App interfaces shall be organized into a hierarchical sub-view structure.
The structure of this hierarchy shall be defined only by the relative positions of view wrapper elements in the DOM.
Views shall have no knowledge or dependency on their parents except for listening to events broadcast by them.
Views shall have state attributes who’s values are reflected in the DOM (for styling purposes) and when these attributes are changed, events are broadcast to the view’s children.
Parents may bind to their children’s events.
All DOM updates shall be handled manually, not to punish the developer, but to ensure full control for high-performance applications.
Views shall be be recycled automatically using an Object Pool to prevent memory leaks and improve performance.
Given a DOM element, one should be able to get it’s corresponding view.
Initialization functions should not fire until the document is ready since views deal with the DOM by their very nature.
Applications shall aptly render server-side and views can be bound to their DOM wrapper elements client-side without redrawing the application.
By following these principles, I expect to build a flexible, highly modular view framework that can be used with a variety of models and controllers (see my on3.js controller suite). In combination with a dependency management solution such as Browserify (my preference) or RequireJS, I believe that subview.js will represent close to absolute modularity for web user interface components.
onRoute.js: Simple URL routing in the browser & on the server (work in progress)
With the increasing amount of inconsistency between web browsing interfaces, standard event bindings (DOM level) are not sufficient for creating consistent user experiences across devices. Sure there are libraries like jQuery that abstract DOM APIs to provide API consistency, but their APIs correspond directly to DOM events (i.e. click, mousedown, mouseup, touchstart, touchend, etc.).
on3.js is designed to provide an interaction-level API for common browser IO. This allows developers to bind directly to specific user actions in a simple, intuitive way:
Its the little things that make or break a web application. The basic Sign In and Sign Up process are perhaps the most devilish details. It seems like something that should just work—to both the user and to the designer. How hard can it be?
Good interface design and good software architecture share one thing in common: good organization. I originally had the Sign In and Sign Up processes in two different pages on the site, with two different sets of code. To make matters worse, they were accessed from totally different places. Sign In was always in the upper right corner, but Sign Up was accessible on the home page and on the Sign In page. Even the labels “Login” and “Sign Up” were inconsistent.
The DRY (Do Not Repeat Yourself) principle can be applied just as well to user interfaces as it can to code. It ensures that things stay consistent and that’s huge for usability. With that in mind I merged the Sign In and Sign Up pages into one and separated them with tags so that users could quickly switch to the other if they had somehow ended up in the wrong place. I put both Sign In and Sign Up in the upper right corner while leaving links to Sign Up on the home page. Already this was a huge improvement.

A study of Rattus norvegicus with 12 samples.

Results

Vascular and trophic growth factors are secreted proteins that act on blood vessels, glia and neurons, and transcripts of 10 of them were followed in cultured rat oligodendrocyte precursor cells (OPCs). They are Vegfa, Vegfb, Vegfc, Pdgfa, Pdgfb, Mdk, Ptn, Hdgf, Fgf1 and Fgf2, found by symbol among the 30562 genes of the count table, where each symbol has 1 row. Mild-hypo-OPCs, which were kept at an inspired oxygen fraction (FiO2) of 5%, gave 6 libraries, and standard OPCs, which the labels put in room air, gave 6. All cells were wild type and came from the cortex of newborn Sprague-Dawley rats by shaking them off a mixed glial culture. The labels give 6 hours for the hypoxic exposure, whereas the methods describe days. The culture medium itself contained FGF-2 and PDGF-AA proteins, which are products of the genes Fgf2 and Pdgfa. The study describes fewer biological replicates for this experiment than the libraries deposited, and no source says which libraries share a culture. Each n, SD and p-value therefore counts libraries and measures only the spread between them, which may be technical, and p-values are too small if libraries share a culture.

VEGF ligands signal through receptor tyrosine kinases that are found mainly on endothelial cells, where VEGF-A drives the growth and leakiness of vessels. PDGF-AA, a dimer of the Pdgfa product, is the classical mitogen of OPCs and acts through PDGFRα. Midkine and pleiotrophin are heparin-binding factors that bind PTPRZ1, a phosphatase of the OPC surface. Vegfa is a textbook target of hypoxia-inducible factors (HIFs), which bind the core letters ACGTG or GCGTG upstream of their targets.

In the summer of 2011 I was working at an EPA laboratory in Cincinnati, Ohio mathematically modeling biofilms. I was frustrated with the way I had to do this research. One of the major problems was that all of the formulas, constants and data for modeling were locked away in journal articles. This meant that I needed to manually comb through hundreds of articles and summarize them before I could implement any part of my model. And there were a lot of parts. To make matters worse, in these specialized areas of study there was no standardization of units, or even standardization of unit conversions, so I was spending many hours just trying to interpret what I was finding.
I had been thinking a lot about this problem when I flew to Tuscon Arizona for the National Udall Conference. After a number of conversations late into the night, I realized that this problem was not just mine. Upon my return to Ohio, I decided that I was going to do it—create a standardized repository of scientific models, later named The Numerical Network. I spent the next week with my head buried in a basic web programming book and by the time I was headed back to school in September, I had begun to build what would become FastFig.
I threw out most of that early code, but it was the start of a wonderful journey into the world of software and startups. I was obsessed with the project my Senior Year of College, where I was studying Civil Engineering. I would code in class. I would code before going to parties. I would code instead of doing homework. I eventually ended up dropping my Senior Thesis to keep working on FastFig.
By the end of the summer of 2012 the first version of the site was ready to launch and I did it live (with a big red button) at the Lehigh Valley Tech Meetup. After the launch I decided that I needed a partner in the venture and so I recruited Jay Hotaling, a friend from high school who remains the CEO to this day. He and I applied to the startup accelerator DreamIt and were miraculously accepted into the Austin class that winter. DreamIt asked us if we could find another programmer to bring down to Austin, so we called up another friend from high school Alex Potts and he put aside his studies to join up. We also invited Greg Heller-LaBelle to join on. I had met Greg through Lehigh Valley Tech and he had a knack for business development.